This followed on the heels of the strongest quarter for the city’s CBD in the past five years. Direct vacancy fell 30 basis points to 15.1% in the fourth quarter. For the second consecutive quarter, each building class saw a decline in vacancy. 
   The Central Loop outperformed all other Chicago submarkets in in terms of net absorption and reduction in direct vacancy, according to MBRE.
   Comprising 28% of the total CBD inventory, the Central Loop accounted for over 59%, or 148,000 square feet, of the total market’s net absorption. Because of this, its direct vacancy fell 40 basis points to 13.2%,  MB Real Estate said.
   The River North and West Loop submarkets also outperformed the overall market. The South Loop was the only area to experience negative absorption.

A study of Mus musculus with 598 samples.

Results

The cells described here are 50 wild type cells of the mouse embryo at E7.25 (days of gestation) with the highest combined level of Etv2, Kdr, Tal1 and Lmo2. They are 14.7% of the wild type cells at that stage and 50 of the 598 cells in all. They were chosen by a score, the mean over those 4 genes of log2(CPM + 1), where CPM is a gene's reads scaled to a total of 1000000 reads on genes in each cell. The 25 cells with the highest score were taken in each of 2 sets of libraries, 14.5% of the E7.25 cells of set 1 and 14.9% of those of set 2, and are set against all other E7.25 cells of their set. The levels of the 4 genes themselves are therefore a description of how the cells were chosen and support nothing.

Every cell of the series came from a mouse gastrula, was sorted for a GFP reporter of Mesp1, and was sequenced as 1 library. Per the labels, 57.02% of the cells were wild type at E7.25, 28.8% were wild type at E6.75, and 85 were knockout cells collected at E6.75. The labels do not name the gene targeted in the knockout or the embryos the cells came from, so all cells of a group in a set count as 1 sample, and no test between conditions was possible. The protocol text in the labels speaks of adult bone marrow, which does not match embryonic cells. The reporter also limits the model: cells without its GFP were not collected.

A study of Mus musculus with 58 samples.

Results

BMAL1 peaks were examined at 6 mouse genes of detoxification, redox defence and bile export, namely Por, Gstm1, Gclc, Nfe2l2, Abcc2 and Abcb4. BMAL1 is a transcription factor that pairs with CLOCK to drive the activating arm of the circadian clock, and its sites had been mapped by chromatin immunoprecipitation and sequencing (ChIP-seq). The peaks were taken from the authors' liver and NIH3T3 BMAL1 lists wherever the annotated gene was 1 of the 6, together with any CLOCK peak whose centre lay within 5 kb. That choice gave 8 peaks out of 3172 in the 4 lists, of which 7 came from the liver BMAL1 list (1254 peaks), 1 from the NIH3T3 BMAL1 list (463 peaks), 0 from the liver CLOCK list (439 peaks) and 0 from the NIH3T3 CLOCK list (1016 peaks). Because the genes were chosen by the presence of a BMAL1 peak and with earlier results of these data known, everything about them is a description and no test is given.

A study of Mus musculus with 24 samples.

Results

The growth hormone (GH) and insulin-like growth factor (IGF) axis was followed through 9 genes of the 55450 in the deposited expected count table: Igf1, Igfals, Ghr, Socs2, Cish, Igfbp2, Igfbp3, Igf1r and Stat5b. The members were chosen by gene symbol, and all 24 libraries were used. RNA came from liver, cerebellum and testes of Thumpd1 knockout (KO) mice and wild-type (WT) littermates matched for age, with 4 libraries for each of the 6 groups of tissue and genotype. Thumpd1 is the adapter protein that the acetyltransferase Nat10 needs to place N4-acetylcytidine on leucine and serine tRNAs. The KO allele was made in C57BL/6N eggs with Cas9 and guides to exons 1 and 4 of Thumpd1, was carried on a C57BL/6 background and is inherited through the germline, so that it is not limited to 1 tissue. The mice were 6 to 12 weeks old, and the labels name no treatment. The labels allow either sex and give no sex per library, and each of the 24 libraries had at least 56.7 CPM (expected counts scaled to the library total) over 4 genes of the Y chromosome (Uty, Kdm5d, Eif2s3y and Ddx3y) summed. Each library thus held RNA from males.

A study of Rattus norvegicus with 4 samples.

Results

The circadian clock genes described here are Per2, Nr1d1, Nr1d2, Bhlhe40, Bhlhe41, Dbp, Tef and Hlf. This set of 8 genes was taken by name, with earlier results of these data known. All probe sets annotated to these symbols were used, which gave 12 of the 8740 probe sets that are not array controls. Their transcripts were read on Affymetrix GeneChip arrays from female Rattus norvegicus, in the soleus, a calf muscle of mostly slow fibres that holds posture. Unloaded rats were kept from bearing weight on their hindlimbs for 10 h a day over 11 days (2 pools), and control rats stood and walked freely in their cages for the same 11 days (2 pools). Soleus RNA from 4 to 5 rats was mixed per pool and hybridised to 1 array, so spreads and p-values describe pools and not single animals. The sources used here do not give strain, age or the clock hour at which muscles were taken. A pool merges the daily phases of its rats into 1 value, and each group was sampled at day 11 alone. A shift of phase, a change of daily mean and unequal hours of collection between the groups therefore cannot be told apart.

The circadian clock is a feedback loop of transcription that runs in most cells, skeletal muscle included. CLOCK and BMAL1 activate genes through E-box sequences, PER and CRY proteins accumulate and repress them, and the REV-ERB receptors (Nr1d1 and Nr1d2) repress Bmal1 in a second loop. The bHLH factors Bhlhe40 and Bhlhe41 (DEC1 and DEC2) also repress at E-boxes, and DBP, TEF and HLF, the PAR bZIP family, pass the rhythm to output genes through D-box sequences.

Looking ahead, the report says that underutilized space remains the biggest negative for to the market. Other concerns include higher national tax rates; the lingering effects of the Eurozone crisis; shrinking space requirements per employee; reduced storage needs due to digital archiving; reduced server space needs due to cloud computing; and higher state corporate tax rates.
   Positives include the increased trend of businesses relocating to the CBD; rapidly expanding tech firms; no new supply expected until at least 2016; and increased corporate confidence, the MBRE report says.
   Solid demand in the second half of 2012 brightened the market’s outlook, MBRE says. But slow job growth and tenants eliminating underused space have muted the recovery. As such, MBRE said its baseline forecast sees modest positive absorption, resulting in a slight decline in vacancy over the next two years.